I'm blogging from the ISMIR 2011 conference, about music information retrieval. One of the interesting trends is how a lot of people are focusing on how to scale things up, to handle millions of audio files (or users, or scores) rather than just hundreds or thousands. Why? Well, in real-world applications it's often important: big music services like Spotify and iTunes have about 15 million tracks, Facebook has millions of users, etc. In ISMIR one of the stars of the show is the Million Song Dataset, just released, which should help many many researchers to develop and test on a big scale. Here I'm going to note some of the talks/posters I've seen with interesting approaches to scalability:
Brian McFee described a simple tweak to the kd-tree data structure called "spill tree" which improves approximate search. Basically, when you split the data in two you allow some of the data points to spill over and fall on both sides. Simple but apparently effective.
Dominik Schnitzer introduced a nice way to smooth out a search space and reduce the problem of hub-ness. One way to do it could be to use a minimum spanning tree, for example, but that involes a whole-dataset analysis so it might not scale well. In Dominik's approach, for each data point X you find an estimate of what he calls "mutual proximity": randomly sample 100 data points from your dataset and measure their distance to X, then fit a gaussian to those distances. Then to find the "mutual proximity" between two data points X and Y, you just evaluate X's gaussian at Y's location to get a kind of "probability of being a near neighbour". He also makes this a symmetric measure by combining the X->Y measure with the Y->X measure, but I'd imagine you don't always need to do that, depending on your purpose. The end result is a distance measure that pretty much eliminates hubs.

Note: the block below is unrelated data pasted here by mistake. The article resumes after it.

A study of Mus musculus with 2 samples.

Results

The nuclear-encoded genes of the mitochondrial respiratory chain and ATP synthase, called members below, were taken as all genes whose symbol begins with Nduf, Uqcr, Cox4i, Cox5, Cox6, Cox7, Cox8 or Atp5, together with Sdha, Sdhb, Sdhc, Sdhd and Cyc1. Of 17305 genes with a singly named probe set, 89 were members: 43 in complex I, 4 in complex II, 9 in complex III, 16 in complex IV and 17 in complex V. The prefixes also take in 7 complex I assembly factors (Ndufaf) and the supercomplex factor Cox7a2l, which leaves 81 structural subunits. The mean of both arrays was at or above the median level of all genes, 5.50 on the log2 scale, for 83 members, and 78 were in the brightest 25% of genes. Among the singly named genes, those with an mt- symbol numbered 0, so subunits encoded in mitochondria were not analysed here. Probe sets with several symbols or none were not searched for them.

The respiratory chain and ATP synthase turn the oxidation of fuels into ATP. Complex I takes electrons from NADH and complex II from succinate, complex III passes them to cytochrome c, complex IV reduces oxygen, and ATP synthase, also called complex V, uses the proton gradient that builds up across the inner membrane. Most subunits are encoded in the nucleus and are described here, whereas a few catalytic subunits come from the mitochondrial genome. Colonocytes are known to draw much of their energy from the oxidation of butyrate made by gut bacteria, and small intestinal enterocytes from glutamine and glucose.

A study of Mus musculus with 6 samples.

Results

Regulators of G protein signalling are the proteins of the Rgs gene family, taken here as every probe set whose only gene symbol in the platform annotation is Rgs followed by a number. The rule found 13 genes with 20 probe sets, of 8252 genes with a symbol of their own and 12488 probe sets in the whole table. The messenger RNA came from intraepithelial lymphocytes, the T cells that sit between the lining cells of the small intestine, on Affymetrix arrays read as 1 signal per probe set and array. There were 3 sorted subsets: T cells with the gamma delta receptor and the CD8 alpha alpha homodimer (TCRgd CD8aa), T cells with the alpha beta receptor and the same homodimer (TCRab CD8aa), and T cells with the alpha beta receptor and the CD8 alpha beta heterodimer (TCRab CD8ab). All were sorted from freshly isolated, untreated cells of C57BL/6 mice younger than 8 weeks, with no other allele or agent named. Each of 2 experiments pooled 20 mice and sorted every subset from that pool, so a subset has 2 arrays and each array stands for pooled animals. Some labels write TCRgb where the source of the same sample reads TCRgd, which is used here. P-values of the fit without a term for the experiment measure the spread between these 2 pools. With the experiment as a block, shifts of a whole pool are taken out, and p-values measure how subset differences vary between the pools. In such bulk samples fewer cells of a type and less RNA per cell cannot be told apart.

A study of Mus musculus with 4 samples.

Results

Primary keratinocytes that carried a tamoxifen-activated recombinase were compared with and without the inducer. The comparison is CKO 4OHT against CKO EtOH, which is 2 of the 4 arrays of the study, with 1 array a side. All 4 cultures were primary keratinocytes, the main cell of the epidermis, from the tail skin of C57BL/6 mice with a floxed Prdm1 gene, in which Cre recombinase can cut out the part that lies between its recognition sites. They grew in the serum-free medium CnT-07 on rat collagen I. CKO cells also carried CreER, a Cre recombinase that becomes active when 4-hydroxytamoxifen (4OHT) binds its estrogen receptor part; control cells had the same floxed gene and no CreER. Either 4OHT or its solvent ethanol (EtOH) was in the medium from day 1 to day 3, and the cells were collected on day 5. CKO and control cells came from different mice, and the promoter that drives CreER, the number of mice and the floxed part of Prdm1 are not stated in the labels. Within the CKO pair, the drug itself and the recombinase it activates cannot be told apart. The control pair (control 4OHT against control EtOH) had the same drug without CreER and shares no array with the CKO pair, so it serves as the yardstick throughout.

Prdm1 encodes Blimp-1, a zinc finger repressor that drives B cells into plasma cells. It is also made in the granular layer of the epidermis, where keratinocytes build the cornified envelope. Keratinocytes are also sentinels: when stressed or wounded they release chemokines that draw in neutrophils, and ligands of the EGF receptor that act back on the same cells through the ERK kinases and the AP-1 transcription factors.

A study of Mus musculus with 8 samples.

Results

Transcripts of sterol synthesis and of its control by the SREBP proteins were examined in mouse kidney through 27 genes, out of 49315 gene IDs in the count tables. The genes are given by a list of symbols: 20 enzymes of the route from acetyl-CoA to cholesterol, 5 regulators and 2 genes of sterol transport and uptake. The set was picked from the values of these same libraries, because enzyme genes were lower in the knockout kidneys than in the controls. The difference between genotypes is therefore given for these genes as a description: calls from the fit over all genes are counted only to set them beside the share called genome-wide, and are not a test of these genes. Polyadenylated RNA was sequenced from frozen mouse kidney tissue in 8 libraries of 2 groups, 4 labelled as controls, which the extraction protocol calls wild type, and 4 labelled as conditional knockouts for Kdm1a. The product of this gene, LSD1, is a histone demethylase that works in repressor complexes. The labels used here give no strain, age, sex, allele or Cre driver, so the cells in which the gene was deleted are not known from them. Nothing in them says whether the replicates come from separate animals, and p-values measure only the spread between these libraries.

Shazam's music recognition algorithm, described in this 2006 paper, is one of the commercial success stories of scalable audio MIR. Sebastien Fenet tweaked it to be robust to pitch-shifting, essentially by using a log-frequency spectrogram and using delta-log-frequency rather than frequency in the fingerprints.
Also, Thierry mentioned that he was a fan of using Amazon's cloud storage/processing - if you store data with Amazon you can run MapReduce jobs over it easily, apparently. Mark Levy of last.fm is also a fan of MapReduce, having done a lot of work using Hadoop (Yahoo's implementation of MapReduce) for big data-crunching jobs.
Mikael Henaff presented a technique for learning a sparse spectrum-derived feature set, similar in spirit to KSVD. The thing I found interesting was how he then made a fast way of decomposing a new signal (once you've derived your feature basis from some training data). Ordinarily you'd have to do an optimisation - the dictionary is overcomplete so it can't be done as easily as an orthogonal transform. But you don't want to do that on a lot of data. Instead, he first trains a nonlinear projection which approximates that decomposition (it's a matrix rotation followed by a shrinkage nonlinearity, really simple mathematically). So you have to train that, but then when you want to analyse new data there's no optimisation needed, you just apply the simple transform.
There's been plenty of interesting stuff here at ISMIR that isn't about bigness, and it was good of Douglas Eck (of Google) to emphasise that there are still lots of interesting and important problems in MIR that don't need scalability and don't even benefit from it. But there are interesting developments in this area, hence this note.